The rupee is on an inexorable course of fall and market indices are finding fresh lower levels.
The Indian currency has lost about 25 per cent of its value in the last few weeks and has been hit hardest among the emerging market currencies. Though global factors like the threat of tapering of quantitative easing by the US Federal Reserve have destabilised all of them, the rupee’s decline has been accentuated by domestic reasons also. It is as if there is no bottom and the expected level of exchange has moved from Rs 60 per US dollar to Rs 65 and now to Rs 70. There are even worse scenarios, and it is doubtful if Thursday’s recovery is sustainable. With all psychological barriers breaking down both the currency and the markets seem to be headed for more trouble. Fears about a sovereign rating downgrade, created by the high subsidy involved in the food security scheme, and crude price hike were the latest negatives in action.
Both the RBI and the government have taken a series of steps since mid-July to stanch the bleeding of the rupee. These ranged from measures to attract foreign investment to curbing imports of gold and inessential items to restrictions on the outflow of capital. Some of them, like the raising of FDI caps, have only long-term impact. Others, like the curbs on imports, were not effective, as shown by the surge in gold imports. Yet others, like the new rules on capital flows, sent out negative signals and the markets and the rupee tumbled in a fierce response. The basic problem of burgeoning current account deficit (CAD), the gap between imports and exports, remained unaddressed. The government hopes to bring it down from over $90 billion to $70 billion, but the hope has not been taken seriously by the market. Now the new hope, which is a virtue of necessity, is that the cheaper rupee will spur exports and narrow the CAD. But manufacturing cannot grow and has in fact fallen in the adverse investment climate, and the curbs on mining and rickety infrastructure rule out an immediate export push.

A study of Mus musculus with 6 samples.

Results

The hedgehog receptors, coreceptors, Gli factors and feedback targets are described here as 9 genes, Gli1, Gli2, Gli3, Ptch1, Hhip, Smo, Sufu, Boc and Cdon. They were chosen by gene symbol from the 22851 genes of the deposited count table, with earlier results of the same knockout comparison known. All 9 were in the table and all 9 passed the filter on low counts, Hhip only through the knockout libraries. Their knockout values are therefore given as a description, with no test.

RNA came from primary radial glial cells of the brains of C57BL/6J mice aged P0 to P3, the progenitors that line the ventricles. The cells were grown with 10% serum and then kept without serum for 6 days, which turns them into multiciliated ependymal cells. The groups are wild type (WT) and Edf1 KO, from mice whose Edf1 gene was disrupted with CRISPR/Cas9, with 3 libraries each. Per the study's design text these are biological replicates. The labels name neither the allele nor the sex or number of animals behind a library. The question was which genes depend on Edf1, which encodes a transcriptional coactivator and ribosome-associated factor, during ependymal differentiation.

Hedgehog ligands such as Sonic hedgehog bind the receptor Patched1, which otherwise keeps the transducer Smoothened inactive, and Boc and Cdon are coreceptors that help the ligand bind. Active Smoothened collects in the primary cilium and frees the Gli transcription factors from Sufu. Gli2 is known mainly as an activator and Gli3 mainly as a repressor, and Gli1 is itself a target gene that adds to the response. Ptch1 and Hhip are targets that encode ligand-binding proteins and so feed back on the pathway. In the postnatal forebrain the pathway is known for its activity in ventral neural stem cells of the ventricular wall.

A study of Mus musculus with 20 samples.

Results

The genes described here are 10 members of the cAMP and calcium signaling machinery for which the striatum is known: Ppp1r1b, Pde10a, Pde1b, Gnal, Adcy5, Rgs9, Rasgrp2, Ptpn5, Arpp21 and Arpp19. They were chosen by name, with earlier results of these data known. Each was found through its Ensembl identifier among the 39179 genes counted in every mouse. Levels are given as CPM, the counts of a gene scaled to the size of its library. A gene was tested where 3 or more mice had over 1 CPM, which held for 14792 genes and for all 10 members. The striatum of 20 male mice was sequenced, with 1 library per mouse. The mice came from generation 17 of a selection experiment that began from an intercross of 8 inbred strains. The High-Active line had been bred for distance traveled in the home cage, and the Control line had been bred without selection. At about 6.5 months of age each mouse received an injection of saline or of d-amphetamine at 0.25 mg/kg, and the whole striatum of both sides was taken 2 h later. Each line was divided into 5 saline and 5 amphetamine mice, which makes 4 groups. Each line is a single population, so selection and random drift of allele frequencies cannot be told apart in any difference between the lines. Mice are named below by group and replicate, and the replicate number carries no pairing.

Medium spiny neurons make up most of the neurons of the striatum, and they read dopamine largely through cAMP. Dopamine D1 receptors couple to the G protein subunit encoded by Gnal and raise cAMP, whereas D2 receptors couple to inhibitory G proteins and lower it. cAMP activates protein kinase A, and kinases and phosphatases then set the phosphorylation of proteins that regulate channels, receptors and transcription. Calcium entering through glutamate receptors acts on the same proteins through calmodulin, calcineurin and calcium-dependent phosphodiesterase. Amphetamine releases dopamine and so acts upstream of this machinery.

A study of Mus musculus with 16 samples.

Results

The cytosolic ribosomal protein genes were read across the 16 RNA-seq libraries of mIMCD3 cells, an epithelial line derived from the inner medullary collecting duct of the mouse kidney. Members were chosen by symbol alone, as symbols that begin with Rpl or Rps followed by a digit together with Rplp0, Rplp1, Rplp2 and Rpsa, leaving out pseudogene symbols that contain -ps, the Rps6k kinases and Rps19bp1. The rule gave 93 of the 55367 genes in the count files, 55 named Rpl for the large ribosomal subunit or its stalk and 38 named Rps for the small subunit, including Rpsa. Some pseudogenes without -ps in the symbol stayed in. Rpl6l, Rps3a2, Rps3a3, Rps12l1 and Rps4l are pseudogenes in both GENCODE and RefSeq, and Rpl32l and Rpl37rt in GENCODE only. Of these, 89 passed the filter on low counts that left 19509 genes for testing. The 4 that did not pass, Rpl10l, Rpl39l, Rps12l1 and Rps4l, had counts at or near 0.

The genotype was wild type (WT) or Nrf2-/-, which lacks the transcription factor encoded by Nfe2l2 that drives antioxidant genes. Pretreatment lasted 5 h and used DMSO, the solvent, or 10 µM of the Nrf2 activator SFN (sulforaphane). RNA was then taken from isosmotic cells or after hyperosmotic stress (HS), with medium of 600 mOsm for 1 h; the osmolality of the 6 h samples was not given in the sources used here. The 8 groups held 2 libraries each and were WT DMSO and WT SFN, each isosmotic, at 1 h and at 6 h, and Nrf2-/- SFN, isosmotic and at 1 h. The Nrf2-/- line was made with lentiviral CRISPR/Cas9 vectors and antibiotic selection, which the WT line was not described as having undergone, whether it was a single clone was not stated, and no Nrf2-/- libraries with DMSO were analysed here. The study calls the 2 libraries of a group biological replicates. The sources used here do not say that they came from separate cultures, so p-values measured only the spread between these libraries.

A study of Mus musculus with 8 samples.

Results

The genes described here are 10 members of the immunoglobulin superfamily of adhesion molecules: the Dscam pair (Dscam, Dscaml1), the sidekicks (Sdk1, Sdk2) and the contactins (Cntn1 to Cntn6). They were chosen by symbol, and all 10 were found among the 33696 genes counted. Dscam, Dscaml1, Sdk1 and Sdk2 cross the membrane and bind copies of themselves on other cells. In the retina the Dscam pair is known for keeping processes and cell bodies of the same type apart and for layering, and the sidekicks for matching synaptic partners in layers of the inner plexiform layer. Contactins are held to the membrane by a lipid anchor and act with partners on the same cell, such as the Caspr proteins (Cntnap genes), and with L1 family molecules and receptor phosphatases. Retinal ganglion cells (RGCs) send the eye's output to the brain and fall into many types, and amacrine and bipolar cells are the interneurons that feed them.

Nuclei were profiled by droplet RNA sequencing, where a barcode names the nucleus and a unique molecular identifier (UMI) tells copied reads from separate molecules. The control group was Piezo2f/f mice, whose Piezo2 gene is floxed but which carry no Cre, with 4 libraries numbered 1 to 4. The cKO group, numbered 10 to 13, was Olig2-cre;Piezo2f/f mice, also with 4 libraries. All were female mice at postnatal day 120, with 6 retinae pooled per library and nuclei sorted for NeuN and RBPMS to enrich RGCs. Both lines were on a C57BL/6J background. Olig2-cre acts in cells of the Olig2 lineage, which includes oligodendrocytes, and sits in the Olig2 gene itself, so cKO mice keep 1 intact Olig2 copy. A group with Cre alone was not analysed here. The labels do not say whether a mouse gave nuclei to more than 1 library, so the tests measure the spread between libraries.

Finance minister P Chidambaram has tried to talk up the rupee with a statement that it has overshot its value and with presentation of a 10-point plan for the economy. But the situation has gone beyond cosmetic action, comforting words and general plans. There is a current deficit of confidence and effective turnaround policy.